I'm encrypting passwords using sha1 in PHP, but I'm wondering if hashing the hash is any more secure than just hashing the password.

For example:

Is

$hash = sha1($pwd);

any less secure than

$hash = sha1(sha1($pwd));

I don't see why it wouldn't be, because reverse-lookup sites will not be able to find a match of the hash of a hash.


This question has been asked before and already has an answer. If those answers do not fully address your question, please ask a new question.

1  
Have a look at stackoverflow.com/questions/348109/… –  Michael Nov 27 '12 at 10:36
3  
Fast SHAs are useful in all sorts of places, password storage is not one of them. Password hashing should be done with expensive to compute algorithms, such as PBKDF2. –  lynks Nov 27 '12 at 11:17
    
Flagged in the hope that it won't just be closed but transported to crypto. I'll create a discussion on META about this. –  Maarten Bodewes Nov 27 '12 at 15:13
    
@owlstead I'm pretty sure we have plenty of duplicates all over the place. Here, on crypto.SE and on security.SE. I don't think migrating is useful here. –  CodesInChaos Nov 27 '12 at 16:18
    
@CodesInChaos hmm, all too true. The method of checking for dupes on the other site and the transfer of questions is a bit inconvenient though, hence the upcoming post on META. –  Maarten Bodewes Nov 27 '12 at 16:25

3 Answers 3

up vote -1 down vote accepted

First off, as weak as sha1 alone is its better than plaintext stored passwords. ANY encryption, hashing or other obfuscation is far better than plaintext!

The problem with sha1 is that its fast, so its fast to generate hashes to crack against. Salting helps a lot, but if your server is compromised and you have your salt hash stored as a string somewhere, there goes that advantage...

If you don't want to use mcrypt or another encryption method, you can mixup your sha1 hash a bit like this:

$my_super_sha1_hash = 
sha1(
    sha1(
        substr(
            sha1($username)
            , 0
            , strlen($password) 
        )
    )
    .sha1(
        substr(
            sha1($password)
            , 0
            , 40-strlen($password)
        )
    )
);

By mixing together the username and password, and using the length of the (unknown) password to determine what bits of each are used in the sting that then gets hashed again, each salt is unique but not random, so the result is consistent across all users and A LOT more difficult to crack since have to factor in the string length of the password and the username.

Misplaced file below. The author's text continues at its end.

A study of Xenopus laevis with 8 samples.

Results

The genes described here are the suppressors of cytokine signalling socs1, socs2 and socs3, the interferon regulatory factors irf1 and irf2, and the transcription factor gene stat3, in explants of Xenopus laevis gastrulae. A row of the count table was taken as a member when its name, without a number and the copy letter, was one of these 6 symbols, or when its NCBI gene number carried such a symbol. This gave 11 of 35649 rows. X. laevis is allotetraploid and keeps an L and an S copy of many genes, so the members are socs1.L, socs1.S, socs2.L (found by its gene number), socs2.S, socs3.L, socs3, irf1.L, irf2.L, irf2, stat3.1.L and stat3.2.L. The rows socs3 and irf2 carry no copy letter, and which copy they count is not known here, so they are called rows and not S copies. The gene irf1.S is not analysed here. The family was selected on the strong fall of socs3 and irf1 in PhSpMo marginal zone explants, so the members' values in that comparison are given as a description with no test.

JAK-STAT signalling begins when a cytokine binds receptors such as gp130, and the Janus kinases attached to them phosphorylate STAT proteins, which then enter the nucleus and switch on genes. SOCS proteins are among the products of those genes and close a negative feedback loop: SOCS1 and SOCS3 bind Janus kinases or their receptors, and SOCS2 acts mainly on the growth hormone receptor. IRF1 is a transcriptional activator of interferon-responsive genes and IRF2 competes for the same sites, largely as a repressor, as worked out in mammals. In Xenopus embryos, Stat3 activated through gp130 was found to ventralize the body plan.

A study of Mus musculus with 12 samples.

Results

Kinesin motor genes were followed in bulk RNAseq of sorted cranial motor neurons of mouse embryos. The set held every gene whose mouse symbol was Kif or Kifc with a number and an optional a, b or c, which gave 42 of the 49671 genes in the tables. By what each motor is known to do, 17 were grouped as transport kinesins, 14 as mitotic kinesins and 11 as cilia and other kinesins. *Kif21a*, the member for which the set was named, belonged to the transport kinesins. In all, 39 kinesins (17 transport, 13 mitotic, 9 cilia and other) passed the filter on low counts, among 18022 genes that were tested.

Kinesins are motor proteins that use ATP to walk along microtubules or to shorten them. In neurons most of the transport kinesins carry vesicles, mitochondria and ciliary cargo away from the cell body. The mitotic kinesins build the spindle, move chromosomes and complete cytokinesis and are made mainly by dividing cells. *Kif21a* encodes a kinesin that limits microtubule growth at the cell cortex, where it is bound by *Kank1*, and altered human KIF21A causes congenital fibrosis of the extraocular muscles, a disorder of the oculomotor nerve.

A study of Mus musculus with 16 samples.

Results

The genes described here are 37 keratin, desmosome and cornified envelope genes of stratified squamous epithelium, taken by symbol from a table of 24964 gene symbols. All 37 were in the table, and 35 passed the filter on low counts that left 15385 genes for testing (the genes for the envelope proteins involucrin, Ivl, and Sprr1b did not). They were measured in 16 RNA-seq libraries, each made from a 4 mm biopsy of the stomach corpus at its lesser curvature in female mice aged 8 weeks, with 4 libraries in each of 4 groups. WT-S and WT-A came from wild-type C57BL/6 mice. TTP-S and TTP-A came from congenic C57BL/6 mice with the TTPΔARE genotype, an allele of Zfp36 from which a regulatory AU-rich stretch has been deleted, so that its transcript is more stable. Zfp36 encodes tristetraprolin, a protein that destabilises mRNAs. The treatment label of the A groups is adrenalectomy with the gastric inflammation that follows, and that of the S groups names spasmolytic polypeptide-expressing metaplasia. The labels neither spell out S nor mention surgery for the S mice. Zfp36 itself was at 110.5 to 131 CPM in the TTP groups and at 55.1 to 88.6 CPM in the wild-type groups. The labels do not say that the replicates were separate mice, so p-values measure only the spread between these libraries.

You missed the point of a salt. It's not secret, it different for each hash to block multi-target attacks. It's still beneficial if an attacker knows the salt. (Though using an unknown value in addition to the unique per user value is an additional advantage). You also forgot to mention key strengthening, i.e. using a hash function that's expensive to calculate for the attacker. –  CodesInChaos Nov 27 '12 at 16:12
    
Your mixing scheme is stupid too. For short passwords the salt space becomes very small, for a long password the password's contribution disappears, and for a really long password the code doesn't even work correctly. Your scheme is clearly inferior to a simple sha1(sha1(username).sha1(password)) or even just sha1(username."|".password) –  CodesInChaos Nov 27 '12 at 16:13
    
This post isn't meant to say "here's a super safe function, use this and you're good", its about sha1 alone being far too weak and any self-made sha1 hashing solutions needing to greatly increase complexity. The way I see it, a function along these lines has the advantage over storing a randomly generated salt alongside the hash in that if the db user table is stolen, the salt is still unknown and gives no hints at all to the attacker about the calculation method, while still giving each password a unique salt. –  WebChemist Nov 27 '12 at 21:37
1  
And I fail to see how this is less secure than a simple concat of username & password. If the stolen db hash did manage to be reversed and they saw the 80 char double sha1 concat string, a substr of a straight sha1 of the full username or password would be a lot more obvious than a hashes of a partial user|password hashes. If the php hashing code was compromised, its all pointless since the attacker could just run the hashing function, in which case at least it would be a bit more computationally expensive than simple concat you suggest. –  WebChemist Nov 27 '12 at 21:40

Double hashing does not really help. Salting does.


The problem with fast algorithms is, that you can calculate 3 Giga sha1-hashes per second with common hardware (in 2012). That makes it possible to brute-force a whole english dictionary with about 500000 words, in less than a millisecond!

The second problem in your example is the missing salt. If you do not use a unique salt for every password, an attacker can build a single rainbow-table to get all passwords.

BCrypt was especially designed to hash passwords, and is therefore slow (needs some computing time). With a cost factor you can adapt the needed time to future (and therefore faster) hardware. Internally it does something similar as you suggested, it repeats hashing a lot of times, but in a safe manner.

Using BCrypt can be as easy, as using the sha1 hash. PHP 5.5 will have it's own functions password_hash() and password_verify() ready, to simplify this task. There is also a compatibility pack for PHP 5.3/5.4 available, downloadable at password_compat.